2020 Chevrolet Traverse Gets New Safety Feature to Force Teens to Buckle Up

Chevrolet's Buckle to Drive feature to arrive this summer 1 photo
Photo: Chevrolet
The leading cause of death for teens in the U.S. is motor vehicle crashes. According to research conducted by the Center for Disease Control, 2,433 teens ages 16–19 lost their lives in 2016 as a result of such accidents. Most of them were not wearing seatbelts, and generally young people are known to have among the lowest rates of seat belt use.
These are some of the facts Chevrolet used to justify on Tuesday the introduction of a new safety feature for the Teen Driver suite deployed on some of its cars. Called Buckle to Drive, the innovation is there to make sure teens don’t drive off without the seatbelt on.

To be deployed for starters as standard on the 2020 Chevrolet Traverse, Malibu and Colorado, Buckle to Drive works only when the Teen Driver mode is engaged.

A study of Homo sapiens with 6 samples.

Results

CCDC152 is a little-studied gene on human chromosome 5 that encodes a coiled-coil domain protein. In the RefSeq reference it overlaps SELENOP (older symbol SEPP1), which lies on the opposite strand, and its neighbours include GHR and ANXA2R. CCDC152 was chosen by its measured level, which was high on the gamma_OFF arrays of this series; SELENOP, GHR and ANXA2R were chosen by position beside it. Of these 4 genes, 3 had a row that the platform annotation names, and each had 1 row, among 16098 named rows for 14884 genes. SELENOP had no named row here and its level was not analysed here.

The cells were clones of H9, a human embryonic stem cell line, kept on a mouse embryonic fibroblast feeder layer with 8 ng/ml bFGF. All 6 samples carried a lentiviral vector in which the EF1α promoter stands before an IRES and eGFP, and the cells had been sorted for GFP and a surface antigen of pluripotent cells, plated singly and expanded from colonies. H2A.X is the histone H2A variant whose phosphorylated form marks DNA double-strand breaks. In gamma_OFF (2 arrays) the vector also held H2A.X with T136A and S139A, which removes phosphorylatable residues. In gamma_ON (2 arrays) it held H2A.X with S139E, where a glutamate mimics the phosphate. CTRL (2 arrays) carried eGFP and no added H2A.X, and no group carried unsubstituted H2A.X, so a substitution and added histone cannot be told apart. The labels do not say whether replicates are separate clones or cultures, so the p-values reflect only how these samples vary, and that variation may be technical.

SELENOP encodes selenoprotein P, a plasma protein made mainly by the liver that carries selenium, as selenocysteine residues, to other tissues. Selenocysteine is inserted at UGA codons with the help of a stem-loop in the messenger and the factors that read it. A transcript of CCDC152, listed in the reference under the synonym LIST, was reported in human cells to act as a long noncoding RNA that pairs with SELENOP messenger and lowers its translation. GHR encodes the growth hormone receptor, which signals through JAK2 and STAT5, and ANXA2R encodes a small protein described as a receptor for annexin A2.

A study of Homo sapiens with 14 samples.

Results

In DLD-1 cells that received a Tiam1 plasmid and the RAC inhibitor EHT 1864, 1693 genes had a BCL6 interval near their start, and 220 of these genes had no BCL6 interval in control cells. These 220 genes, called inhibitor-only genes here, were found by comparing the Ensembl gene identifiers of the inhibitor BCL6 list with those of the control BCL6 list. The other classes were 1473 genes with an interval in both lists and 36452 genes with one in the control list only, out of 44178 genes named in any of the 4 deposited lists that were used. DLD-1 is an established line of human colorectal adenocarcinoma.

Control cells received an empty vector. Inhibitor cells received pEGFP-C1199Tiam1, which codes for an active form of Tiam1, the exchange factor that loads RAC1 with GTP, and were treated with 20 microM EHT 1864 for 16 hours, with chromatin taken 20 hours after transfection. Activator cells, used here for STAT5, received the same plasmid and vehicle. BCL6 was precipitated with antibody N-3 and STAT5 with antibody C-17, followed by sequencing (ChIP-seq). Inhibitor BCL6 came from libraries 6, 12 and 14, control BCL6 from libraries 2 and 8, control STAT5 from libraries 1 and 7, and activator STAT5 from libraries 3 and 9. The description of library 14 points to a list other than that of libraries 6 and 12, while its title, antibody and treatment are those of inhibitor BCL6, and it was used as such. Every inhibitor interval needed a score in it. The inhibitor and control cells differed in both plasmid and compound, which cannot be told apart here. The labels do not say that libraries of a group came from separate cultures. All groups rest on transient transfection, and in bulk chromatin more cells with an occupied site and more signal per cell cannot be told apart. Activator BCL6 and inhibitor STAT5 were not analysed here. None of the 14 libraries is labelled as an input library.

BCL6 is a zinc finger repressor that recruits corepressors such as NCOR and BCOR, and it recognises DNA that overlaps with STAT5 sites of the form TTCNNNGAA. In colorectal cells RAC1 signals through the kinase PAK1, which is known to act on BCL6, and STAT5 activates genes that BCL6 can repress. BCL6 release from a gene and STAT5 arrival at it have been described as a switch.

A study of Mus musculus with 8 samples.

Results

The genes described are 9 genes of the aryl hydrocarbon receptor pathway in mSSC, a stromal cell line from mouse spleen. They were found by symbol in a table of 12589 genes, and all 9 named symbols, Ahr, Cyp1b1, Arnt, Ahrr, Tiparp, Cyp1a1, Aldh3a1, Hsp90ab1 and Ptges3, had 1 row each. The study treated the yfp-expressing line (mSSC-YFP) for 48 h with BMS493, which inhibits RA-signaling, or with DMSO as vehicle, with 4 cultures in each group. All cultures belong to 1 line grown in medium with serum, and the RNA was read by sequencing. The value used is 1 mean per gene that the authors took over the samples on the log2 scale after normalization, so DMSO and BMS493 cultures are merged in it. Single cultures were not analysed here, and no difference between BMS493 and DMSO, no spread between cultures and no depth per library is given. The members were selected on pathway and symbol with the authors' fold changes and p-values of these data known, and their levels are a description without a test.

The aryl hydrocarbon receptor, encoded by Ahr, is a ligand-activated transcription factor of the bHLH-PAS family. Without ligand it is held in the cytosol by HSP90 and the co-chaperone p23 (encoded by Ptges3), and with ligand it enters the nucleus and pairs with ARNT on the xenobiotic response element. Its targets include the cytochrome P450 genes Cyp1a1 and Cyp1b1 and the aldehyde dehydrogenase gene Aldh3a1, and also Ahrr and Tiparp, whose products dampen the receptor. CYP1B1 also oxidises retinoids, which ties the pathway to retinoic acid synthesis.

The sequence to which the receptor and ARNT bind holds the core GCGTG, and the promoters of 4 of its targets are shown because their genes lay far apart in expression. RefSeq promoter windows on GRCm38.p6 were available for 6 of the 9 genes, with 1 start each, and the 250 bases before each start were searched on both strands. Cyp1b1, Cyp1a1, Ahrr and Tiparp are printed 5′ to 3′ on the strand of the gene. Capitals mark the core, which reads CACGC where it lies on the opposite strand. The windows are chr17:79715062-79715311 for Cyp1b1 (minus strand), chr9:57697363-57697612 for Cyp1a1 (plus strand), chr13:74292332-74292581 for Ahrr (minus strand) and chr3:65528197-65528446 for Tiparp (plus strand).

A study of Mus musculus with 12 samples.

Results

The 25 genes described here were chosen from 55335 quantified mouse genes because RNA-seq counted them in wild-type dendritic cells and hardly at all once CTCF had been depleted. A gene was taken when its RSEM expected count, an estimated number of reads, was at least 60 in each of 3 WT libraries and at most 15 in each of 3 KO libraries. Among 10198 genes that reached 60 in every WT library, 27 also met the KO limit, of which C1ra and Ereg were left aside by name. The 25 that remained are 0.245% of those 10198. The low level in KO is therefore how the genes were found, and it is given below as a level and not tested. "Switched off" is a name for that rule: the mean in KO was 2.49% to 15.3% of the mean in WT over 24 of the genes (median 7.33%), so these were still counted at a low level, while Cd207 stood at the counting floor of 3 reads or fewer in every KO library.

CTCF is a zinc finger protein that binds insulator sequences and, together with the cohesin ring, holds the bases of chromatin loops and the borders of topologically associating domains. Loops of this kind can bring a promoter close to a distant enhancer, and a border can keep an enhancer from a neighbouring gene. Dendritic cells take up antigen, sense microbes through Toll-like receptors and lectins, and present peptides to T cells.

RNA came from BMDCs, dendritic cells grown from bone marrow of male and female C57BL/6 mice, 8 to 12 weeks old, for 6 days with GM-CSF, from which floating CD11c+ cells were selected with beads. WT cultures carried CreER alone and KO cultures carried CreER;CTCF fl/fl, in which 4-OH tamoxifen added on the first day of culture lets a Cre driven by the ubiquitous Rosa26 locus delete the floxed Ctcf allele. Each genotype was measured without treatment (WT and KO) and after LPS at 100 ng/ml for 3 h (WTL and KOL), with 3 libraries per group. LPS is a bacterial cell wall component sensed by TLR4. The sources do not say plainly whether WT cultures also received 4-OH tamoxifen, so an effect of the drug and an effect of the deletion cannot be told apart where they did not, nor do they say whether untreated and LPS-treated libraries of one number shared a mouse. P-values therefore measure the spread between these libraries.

When the engine is started and the car detects the driver is not wearing the seatbelt, it will prevent him from shifting the car out of park for a period of up to 20 seconds. When pressing the brake pedal, an audible alert will be issued and a message will be displayed on the car’s information screen reading “Buckle seat belt to shift.”

This should at least act as a tool to teach teen the reflex of putting on the seatbelt as soon as they get in the car.

“Buckle to Drive is Chevrolet’s latest feature designed to encourage young drivers to develop safe driving habits right from the start,” said in a statement Tricia Morrow, Chevrolet safety engineer.

“My hope is that Buckle to Drive will help guide more young drivers to wear their seat belts and encourage positive conversations among teens, their peers and parents.”

Chevy’s Teen Driver suite limits what a young driver can do with the car and also includes the possibility of parents having an in-vehicle report card showing how the car was used by their child.

Launched back in 2015, the system is currently deployed on several bowtie-branded cars.